Private hospitals completed more than 3.2 million procedures for the NHS since the agreement to help during the Covid-19 pandemic was initiated and will continue to be vital to clear backlogs.
And the Private Healthcare Information Network (PHIN) believes private treatment capacity has almost fully returned with several hospitals now running at more than 100%.
Speaking at the LaingBuisson Private Healthcare Summit, PHIN chief executive Matt James revealed the remarkable statistics about the sector’s rebound.
“The data now is starting to show a pick again toward normal private activity and I would expect that to continue,” he said.
“Indeed, a number of hospitals have told us they are operating at more than 100% private capacity which I believe is the beginning of what is probably going to be the pattern for the next couple of years as waiting lists are addressed both through NHS work and private activity.”
Insurers praised for pro-activity
This was echoed by Independent Healthcare Providers Network (IHPN) CEO David Hare who noted the scale of the private sector’s support of the NHS so far.
And he also praised the pro-active work of insurers in helping to make the arrangements a success.
“In the final reckoning there will be over 3.2m NHS patients treated in the sector over the course of the time there were varying arrangements in place,” he said.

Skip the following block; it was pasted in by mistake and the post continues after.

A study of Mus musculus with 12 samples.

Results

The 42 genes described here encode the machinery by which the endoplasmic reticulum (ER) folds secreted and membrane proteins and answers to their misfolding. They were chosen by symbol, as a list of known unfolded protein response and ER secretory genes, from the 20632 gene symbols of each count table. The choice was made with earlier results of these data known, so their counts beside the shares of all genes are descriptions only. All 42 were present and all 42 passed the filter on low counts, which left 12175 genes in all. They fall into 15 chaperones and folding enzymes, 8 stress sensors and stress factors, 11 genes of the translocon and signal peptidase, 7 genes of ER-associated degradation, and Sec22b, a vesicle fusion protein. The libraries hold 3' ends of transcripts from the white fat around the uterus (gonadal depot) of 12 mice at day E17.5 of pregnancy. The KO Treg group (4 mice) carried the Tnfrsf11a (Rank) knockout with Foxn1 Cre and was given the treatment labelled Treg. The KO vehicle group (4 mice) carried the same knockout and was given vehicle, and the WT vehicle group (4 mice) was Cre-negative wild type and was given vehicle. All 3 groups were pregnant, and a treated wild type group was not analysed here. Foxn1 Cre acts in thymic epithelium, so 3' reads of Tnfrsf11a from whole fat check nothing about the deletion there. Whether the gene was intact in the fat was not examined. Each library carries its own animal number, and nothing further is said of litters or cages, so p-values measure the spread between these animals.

“A lot of cancer work, particularly urgent cancer work, was continued throughout this period as well and a real sense that activity was pushing through.”
Hare added there were issues about utilisation noting that providers had to be “realistic and honest that in some areas NHS utilisation wasn’t what we would have wanted it to be”.
This he said was somewhat hindered by the fact the NHS measured bed occupancy which “is not a particularly good measure of good utilisation capacity”, while theatre capacity for the period was running at around 90% or so, for private and NHS activity.
But he expects the private sector will need to be integral to NHS recovery, although while there is a framework in place, it has been a slightly slow start by NHS in using capacity.
“I think we’re all aware that self-pay demand is growing quite materially and what we’re seeing coming out of the private insured market is flowing through in terms of those backlogs and holding up pretty well,” he continued.
“I think one of the challenges for the sector over the few months or year will be balancing those demand pressures particularly as the NHS demand begins to pick up.”